Time in Language and Music: The rhythm of speech, verse and vocal music in English and Spanish.
Rosalía Rodríguez-Vázquez (University of Edinburgh)
Talking about timing implies referring to rhythm. Several branches of linguistic theory have dealt with the role of rhythm in speech and language, highlighting the similarities between music and speech (Liberman, 1979). Metrical phonology has used formal tools developed for rhythm in music (Lerdahl & Jackendoff, 1983). From a literary perspective, there have been studies on poetic rhythm (Attridge, 1982) and on the technical analysis of text-tune relations (Cureton, 1992).
The general theoretical frame of my paper has to do with the study, from an interdisciplinary and cross-linguistic point of view, of the typological dichotomy between 'stress-timed' and 'syllable-timed' languages, inasmuch as this distinction is valid at all.
A theoretical and empirical analysis is developed to determine whether the linguistic prosody - more specifically, the nature of stress and its related phenomena - of a specific language determines its poetic prosody and its setting into music. The first part is an overview of language typologies in relation to timing, where English is used as a model of a stress-timed language, and Spanish as a model of a syllable-timed language. In the second part, the paper shows an analysis of folk songs in terms of verse prosody and musical metre. Last, the paper explores the correspondences between the verse forms and the musical forms regarding metre and rhythm, and it concludes by establishing the differences in the setting to music of 'stress-timed' verse and 'syllable-timed' verse.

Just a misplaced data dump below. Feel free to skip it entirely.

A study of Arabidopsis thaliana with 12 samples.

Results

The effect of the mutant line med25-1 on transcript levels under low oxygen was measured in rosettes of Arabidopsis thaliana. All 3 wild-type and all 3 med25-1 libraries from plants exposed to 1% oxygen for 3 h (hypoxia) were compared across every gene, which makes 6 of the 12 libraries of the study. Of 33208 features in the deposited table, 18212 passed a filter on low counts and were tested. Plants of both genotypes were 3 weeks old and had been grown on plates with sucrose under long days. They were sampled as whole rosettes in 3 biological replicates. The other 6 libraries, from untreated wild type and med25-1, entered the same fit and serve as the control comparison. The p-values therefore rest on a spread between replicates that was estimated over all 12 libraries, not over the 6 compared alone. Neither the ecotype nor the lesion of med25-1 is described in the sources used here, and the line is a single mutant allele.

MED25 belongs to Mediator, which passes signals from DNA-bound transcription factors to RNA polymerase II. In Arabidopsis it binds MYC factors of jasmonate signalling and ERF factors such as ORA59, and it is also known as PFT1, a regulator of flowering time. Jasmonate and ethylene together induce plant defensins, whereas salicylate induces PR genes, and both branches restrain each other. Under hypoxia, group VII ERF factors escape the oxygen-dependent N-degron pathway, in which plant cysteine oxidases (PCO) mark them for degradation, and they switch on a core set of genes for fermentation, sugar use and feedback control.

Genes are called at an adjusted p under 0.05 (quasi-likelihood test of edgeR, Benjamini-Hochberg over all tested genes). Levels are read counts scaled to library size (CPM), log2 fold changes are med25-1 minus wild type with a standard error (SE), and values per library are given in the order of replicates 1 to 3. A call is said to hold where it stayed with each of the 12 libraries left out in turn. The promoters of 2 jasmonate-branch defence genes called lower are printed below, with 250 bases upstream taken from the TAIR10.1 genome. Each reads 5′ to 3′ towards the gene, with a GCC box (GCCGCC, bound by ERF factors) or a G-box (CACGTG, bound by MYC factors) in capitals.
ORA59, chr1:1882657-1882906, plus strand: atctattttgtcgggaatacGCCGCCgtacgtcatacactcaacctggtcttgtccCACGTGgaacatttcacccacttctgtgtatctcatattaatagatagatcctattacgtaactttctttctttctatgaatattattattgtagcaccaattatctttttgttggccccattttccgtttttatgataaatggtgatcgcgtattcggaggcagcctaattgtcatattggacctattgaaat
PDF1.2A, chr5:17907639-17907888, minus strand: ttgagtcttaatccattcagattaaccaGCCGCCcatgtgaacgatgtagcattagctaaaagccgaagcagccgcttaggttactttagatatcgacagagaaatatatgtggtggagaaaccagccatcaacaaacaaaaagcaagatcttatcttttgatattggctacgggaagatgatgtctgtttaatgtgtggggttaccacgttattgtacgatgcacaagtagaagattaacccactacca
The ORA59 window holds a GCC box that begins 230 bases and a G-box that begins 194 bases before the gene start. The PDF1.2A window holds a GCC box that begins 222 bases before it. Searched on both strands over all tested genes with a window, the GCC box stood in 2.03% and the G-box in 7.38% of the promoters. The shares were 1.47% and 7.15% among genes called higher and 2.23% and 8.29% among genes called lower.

The results have to do with a correspondence between the timing typologies of language and rhythmic typologies of music, something which proves that linguistic rhythm is not an autonomous field, but rather a level of a broader cognitive capacity. Being so, the future of Suprasegmental Phonology might well lie in an open dialogue with other disciplines, which can shed light on the still mysterious topic of timing.